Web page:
Wireless Waffle - A whole spectrum of radio related rubbish
Wire-More LAN (Part V)signal strength
Thursday 26 June, 2008, 06:51 - Radio Randomness
Posted by Administrator
Another long train journey, another opportunity to run Netstumbler to find out what is going on in the world of WiFi. On this journey 425 WiFi (802.11b and 802.11g) access points were identified. No 802.11a (5 GHz) access points were spotted. Of these, 24% were not encrypted or protected in any way (however, some of these are public access points such as 'BT OpenZone' and so would not be expected to be encrypted). This means that the proportion of home WiFi nodes that are now protected has gone up significantly since the last time this was tested.

The graph below shows, in orange, the number of times that each channel was found to be in use. As expected, channels 1, 6 and 11 were the most commonly used, with channel 1 winning out over channel 11 in terms of usage for a change.

wifi channel usage

What the graph also shows is the combined interference effect of all the nodes across the whole WiFi frequency band. This has been done by adding the use of a channel with (5-n)/5 times the use of the frequency n channels away. So a channel 3 frequencies away from the channel in question would add 2/5ths of its interference to the total combined effect. This takes account of the OFDM nature of WiFi and thus the fact that the less two channels overlap, the lower the interference problem.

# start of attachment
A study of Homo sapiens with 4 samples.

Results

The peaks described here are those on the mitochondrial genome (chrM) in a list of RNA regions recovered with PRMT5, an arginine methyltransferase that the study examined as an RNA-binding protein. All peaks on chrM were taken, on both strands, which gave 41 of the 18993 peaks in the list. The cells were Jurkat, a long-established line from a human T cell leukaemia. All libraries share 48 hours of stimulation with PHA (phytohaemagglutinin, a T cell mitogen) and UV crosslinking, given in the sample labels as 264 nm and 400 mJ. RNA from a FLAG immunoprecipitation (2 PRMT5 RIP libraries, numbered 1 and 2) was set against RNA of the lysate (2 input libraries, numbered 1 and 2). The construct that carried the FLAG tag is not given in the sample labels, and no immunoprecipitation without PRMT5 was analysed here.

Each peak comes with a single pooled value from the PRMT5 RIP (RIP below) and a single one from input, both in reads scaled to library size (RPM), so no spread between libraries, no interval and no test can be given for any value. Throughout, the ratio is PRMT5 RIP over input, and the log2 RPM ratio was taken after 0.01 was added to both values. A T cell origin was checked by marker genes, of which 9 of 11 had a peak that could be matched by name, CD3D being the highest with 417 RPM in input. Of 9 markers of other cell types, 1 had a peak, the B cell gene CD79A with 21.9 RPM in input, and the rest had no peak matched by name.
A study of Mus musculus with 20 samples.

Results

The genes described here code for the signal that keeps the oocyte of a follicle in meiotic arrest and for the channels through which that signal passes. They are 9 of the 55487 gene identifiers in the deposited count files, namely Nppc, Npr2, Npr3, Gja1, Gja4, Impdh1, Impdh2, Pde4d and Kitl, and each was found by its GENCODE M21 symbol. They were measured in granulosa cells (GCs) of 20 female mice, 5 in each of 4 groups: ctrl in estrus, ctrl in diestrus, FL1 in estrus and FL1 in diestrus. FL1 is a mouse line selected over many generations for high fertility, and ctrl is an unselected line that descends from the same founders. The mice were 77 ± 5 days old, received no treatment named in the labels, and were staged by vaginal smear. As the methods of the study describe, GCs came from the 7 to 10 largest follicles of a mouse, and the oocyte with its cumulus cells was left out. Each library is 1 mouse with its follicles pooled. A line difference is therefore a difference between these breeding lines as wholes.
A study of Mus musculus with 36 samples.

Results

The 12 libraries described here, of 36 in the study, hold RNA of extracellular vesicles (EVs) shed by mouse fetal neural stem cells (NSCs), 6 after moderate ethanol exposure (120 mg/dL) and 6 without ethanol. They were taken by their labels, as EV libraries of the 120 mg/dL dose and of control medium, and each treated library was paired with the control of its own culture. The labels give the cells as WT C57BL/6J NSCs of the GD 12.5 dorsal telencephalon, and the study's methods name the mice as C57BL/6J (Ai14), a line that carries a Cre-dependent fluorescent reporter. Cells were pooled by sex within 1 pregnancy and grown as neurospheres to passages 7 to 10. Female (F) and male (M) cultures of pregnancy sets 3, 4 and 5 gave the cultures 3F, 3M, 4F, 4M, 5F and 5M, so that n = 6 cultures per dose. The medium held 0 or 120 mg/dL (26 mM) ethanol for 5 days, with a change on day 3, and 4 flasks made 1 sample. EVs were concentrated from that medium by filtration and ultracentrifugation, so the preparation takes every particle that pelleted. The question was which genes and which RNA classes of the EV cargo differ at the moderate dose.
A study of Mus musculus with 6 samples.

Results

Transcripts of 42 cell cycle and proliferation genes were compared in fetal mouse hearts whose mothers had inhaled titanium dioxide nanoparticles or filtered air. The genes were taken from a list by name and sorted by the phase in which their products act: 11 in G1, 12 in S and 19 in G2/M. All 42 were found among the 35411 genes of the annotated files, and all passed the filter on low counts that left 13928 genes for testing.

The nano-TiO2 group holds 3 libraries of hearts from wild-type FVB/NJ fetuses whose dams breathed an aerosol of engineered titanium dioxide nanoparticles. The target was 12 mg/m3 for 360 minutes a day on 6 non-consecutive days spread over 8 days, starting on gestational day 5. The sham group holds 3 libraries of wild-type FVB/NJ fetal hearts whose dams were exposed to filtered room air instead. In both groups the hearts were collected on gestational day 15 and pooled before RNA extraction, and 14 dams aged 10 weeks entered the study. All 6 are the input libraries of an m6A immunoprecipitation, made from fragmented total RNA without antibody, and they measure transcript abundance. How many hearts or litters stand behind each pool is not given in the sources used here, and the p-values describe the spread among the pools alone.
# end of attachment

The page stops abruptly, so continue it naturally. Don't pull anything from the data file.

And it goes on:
What's interesting about this result is that interfernece remains fairly constant across the whole band, with the exception of channels 12 and 13. This is perhaps not surprising as, channel 9, for example, will suffer 3/5ths of the interference in busy channel 11, and 2/5 of the interference in busy channel 6. Only when we get above channel 11 does interference fall as only one busy channel (11) is now adding to the combined interference 'mush'.

The frequencies above channel 13 (i.e. above 2483.5 MHz) are not used for WiFi and although no account has been taken of usage above (or below) the band, if usage is not widespread (at present it is reserved for an as yet non operational satellite system), then the overall level of interference in channels 12 and 13 will, indeed, be lower.